Almost all indicators show that the economic boom is gaining a stronger grip on the region. Job growth is strong, unemployment is falling, vacancies are being filled, the population is steadily increasing, and travel to and from the region is increasing substantially.
These were the findings of Business Region Göteborg’s fourth economic outlook report for 2017. The report is based on official statistics from Statistics Sweden, the public employment agency Arbetsförmedlingen and Region Västra Götaland.
The economic tendency indicator for autumn 2017 was 44, where greater than 40 indicates an economic boom. This was one point higher than in the spring, but several points lower than expected. Looking ahead, the forecast for spring 2018 shows great optimism among companies with the already high pace expected to further improve (52).
The best economic outlook is among companies within IT services, where the economic tendency indicator for autumn 2017 is 81. The automotive industry, business services, and construction also posted strong results and all expect their boom state to further improve next spring.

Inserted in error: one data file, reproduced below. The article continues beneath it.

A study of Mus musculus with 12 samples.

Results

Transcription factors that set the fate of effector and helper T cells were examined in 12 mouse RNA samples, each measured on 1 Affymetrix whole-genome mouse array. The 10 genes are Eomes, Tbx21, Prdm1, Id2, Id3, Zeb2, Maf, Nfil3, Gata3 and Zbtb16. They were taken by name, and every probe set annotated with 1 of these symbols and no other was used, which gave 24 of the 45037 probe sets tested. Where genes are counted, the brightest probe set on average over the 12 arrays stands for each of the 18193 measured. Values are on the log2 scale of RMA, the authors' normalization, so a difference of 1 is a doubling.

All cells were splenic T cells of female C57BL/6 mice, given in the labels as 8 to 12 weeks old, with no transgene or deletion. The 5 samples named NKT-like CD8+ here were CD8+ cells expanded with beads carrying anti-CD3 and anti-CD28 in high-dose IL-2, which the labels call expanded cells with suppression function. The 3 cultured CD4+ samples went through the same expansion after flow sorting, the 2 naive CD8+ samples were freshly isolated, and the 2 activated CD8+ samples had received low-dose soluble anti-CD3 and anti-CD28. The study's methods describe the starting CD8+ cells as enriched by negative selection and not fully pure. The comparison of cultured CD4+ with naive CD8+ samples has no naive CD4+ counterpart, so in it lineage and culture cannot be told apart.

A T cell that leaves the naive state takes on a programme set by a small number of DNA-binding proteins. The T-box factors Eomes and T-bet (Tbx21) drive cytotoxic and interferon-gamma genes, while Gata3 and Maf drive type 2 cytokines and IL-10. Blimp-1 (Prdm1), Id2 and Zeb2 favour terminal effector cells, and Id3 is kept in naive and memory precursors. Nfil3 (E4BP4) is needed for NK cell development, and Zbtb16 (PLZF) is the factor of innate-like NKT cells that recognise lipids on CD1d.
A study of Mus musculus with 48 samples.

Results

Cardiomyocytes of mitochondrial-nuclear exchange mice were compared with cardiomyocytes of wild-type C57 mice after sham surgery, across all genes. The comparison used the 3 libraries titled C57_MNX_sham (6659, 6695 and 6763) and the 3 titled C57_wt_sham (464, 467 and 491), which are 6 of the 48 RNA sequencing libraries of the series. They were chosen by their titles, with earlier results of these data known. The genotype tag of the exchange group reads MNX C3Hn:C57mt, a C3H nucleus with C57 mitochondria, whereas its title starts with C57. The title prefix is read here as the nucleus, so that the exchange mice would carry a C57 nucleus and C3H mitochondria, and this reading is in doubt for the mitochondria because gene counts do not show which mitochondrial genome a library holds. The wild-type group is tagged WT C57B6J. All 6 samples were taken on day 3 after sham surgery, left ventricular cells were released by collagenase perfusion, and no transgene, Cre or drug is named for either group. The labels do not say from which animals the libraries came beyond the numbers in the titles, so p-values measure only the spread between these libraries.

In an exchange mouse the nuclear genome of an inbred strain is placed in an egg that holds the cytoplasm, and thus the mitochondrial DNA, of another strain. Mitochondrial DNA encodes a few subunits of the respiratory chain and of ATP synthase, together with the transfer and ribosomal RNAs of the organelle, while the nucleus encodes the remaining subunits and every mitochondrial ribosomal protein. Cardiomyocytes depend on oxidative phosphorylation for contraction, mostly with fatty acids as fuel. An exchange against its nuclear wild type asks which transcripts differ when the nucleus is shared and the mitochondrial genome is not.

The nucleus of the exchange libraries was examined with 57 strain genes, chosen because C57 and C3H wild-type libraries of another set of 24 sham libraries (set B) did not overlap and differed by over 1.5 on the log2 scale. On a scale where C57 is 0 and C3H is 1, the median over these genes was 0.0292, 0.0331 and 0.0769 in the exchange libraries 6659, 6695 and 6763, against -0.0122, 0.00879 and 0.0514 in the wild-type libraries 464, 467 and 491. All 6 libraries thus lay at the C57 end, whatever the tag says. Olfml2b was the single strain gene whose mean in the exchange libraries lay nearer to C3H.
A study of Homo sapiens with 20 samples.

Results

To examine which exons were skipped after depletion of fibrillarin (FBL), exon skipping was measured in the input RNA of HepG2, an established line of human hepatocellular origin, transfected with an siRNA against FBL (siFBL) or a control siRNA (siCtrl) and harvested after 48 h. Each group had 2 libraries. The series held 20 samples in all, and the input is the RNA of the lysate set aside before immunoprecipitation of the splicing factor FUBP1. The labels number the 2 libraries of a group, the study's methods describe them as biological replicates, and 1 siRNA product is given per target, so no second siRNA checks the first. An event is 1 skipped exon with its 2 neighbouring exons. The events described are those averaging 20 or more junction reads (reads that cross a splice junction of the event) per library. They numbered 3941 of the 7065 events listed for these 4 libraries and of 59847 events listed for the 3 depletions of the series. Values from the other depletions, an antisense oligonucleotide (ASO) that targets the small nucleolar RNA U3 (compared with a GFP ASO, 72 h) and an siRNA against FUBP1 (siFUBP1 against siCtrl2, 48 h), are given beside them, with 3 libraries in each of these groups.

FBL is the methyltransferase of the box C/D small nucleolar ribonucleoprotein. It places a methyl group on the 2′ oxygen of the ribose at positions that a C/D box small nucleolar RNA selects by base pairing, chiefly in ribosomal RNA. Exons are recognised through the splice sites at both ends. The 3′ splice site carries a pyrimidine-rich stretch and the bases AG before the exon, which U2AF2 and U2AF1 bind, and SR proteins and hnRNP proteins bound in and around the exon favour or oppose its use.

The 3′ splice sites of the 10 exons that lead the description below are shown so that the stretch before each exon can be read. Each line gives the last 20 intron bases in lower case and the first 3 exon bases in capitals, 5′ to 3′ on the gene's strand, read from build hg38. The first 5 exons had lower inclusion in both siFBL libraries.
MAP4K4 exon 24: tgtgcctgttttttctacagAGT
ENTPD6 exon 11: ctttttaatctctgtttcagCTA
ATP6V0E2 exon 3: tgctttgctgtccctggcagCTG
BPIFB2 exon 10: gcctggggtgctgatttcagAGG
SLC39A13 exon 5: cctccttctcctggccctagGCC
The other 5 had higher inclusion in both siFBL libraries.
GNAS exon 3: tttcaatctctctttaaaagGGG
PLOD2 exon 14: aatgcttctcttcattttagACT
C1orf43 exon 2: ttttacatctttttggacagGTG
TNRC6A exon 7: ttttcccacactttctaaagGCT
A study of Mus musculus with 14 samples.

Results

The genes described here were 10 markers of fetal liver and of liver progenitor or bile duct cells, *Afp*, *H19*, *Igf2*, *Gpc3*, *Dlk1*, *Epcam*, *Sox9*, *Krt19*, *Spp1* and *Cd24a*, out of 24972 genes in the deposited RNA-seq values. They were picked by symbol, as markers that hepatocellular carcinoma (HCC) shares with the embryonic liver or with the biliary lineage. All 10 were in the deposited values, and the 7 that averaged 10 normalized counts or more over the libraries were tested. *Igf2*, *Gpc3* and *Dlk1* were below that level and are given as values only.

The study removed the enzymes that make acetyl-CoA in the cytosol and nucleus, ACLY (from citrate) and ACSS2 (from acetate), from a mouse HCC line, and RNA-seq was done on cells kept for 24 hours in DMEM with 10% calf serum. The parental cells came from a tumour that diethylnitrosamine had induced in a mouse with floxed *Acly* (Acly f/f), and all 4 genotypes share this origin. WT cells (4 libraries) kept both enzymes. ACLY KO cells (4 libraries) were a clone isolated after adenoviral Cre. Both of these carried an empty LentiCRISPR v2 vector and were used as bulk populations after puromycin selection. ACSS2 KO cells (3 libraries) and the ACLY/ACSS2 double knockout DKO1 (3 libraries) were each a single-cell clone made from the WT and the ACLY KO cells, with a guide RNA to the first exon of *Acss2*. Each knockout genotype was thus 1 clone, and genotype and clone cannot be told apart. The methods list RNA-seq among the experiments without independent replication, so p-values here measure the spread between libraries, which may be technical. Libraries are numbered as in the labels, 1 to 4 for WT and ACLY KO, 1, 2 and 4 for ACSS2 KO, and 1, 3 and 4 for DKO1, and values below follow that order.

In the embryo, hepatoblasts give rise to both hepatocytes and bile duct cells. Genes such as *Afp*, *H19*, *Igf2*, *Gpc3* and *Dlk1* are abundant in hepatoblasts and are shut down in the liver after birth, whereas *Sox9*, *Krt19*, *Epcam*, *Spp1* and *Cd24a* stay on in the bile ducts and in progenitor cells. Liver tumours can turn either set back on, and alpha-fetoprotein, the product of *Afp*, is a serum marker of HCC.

“These are unique periods we are experiencing in the Gothenburg region with growth across almost all sectors. What’s limiting the growth is a shortage of personnel and space to expand. Even though it is hard to find a clear sign that a dip is coming, for every day that comes, we get closer and closer to the top of the economic cycle,” says Henrik Einarsson, head of the establishment and investment department at Business Region Göteborg.
Job growth has now been positive for 30 consecutive quarters and most new jobs continue to be created within and around construction, the automotive industry and ICT.
In October 2017, the unemployment rate was 5.6 per cent. This was the lowest among Sweden’s metropolitan regions, a position the Gothenburg region has held since mid-2015. However, unemployment remains high among certain groups, in particular, among foreign-born residents.
Above all, the prices of flats in the Gothenburg region have decreased during the past 3-6 months, but at lower rate compared to in Stockholm and Malmö. Meanwhile, the Swedish government has passed a proposal from the Financial Supervisory Authority to further sharpen the amortization requirement, which means we will probably face a period with more cautious home buyers, which may lead to falling prices.
“A major decrease isn’t likely as long as the economy remains strong. The strong wage growth and low unemployment are currently counteracting any significant drop in prices. In the longer-term, it can of course change, especially if interest rates rise at the same time,” says Henrik Einarsson.